In this study by Vedhara and colleagues, they found that illness beliefs predicted mortality and time to death in diabetic patients with foot ulcers.
The results from their study, without replacing missing data, revealed that ischemia (an inadequate blood supply to an organ or part of the body), coherence (assessed by asking patients ‘How well do you feel you understand your ulcer?’), and identity beliefs (‘How much do you experience symptoms?’) predicted time to death. Specifically, the researchers found that death occurred more quickly in individuals with less ischemia, who perceived their ulcers were associated with greater symptoms and had a poorer understanding of their condition. When these analyses were repeated with the imputation, or replacement of missing data, for both predictor and outcome variables, the findings were largely unchanged, with degree of ischemia and identity beliefs as significant predictors of both mortality and time to death in all analyses.
Kavita Vedhara , Karen Dawe, Jeremy N. V. Miles, Mark A. Wetherell, Nicky Cullum, Colin Dayan, Nicola Drake, Patricia Price, John Tarlton, John Weinman, Andrew Day, Rona Campbell, Jenna Reps, and Daniele Soria
University of Nottingham, University of Bristol, University of Northumbria, University of Manchester, University of Cardiff, King’s College London, University Hospitals Bristol, Southmead Hospital, United Kingdom, and Rand Corporation, United States
The researchers examined the role of depression and illness beliefs in predicting mortality in patients with type 1 and type 2 diabetes and with a diabetic foot ulcer. In line with previous research, they hypothesised that the time to death would be shorter in patients with negative beliefs. They also specifically expected to find that beliefs regarding symptoms, personal control, and/or coherence would be related to mortality given their role in predicting foot self-care in this patient group. Furthermore, given the prominence of depression as a predictor of mortality in diabetes, their predictive models were constructed to examine whether illness beliefs predicted mortality after examining the role of potential demographic and clinical factors and depression.
The researchers suggested that the evidence regarding the relationship between psychological functioning and outcomes in patients with foot ulcers was limited in two main ways. First, it had largely focused on depression and second, the evidence pertaining to the role of depression was mixed. Furthermore, emerging evidence on illness beliefs from patients with diabetes and other chronic conditions suggested they these beliefs may be influential in predicting a range of clinical outcomes, including mortality.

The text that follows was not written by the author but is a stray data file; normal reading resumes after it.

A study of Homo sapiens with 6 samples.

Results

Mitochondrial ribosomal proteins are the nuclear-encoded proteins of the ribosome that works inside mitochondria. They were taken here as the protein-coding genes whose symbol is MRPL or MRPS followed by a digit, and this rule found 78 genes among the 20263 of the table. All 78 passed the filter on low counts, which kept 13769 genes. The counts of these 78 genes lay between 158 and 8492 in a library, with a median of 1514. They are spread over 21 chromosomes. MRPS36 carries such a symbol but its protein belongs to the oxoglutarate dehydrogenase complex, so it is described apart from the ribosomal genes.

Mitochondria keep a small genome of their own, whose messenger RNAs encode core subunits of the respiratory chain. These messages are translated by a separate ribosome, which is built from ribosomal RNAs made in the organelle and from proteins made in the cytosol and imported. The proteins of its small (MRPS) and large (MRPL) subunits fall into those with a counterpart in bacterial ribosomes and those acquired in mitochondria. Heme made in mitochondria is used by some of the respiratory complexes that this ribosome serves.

The researchers collected clinical and demographic data from 160 diabetic patients. Participants also completed self-report measures of illness beliefs and depression at baseline. Data on survival were collected after the survival census point (1st November 2011).
ScientiFix tip: The researchers acknowledged that their understanding of the relationship between identity beliefs and mortality was limited by the fact that their understanding of patients’ beliefs was limited to responses to a single item. While practical, by decreasing questionnaire length, this did not give them insight into the types of symptoms that patients were considering when responding. They recommended that future research use either qualitative methods, and/or capture illness beliefs using more detailed methods, which could help to examine the relationship between identity beliefs and mortality. Similarly, the researchers measured ischemia using a single assessment, despite the accurate measurement of ischemia requiring multiple methods. They noted that while they used single measures that could be conducted rapidly across all clinics, their ability to accurately measure patients’ beliefs and ischemia likely lacked precision and this may have contributed to their finding. This makes it difficult to determine just how accurate or sensitive their outcome measures were. Researchers always need to consider the trade-off between session length, number of assessments, and potential participant fatigue and attrition (or drop-out) when designing their studies, all the more challenging when testing patient populations.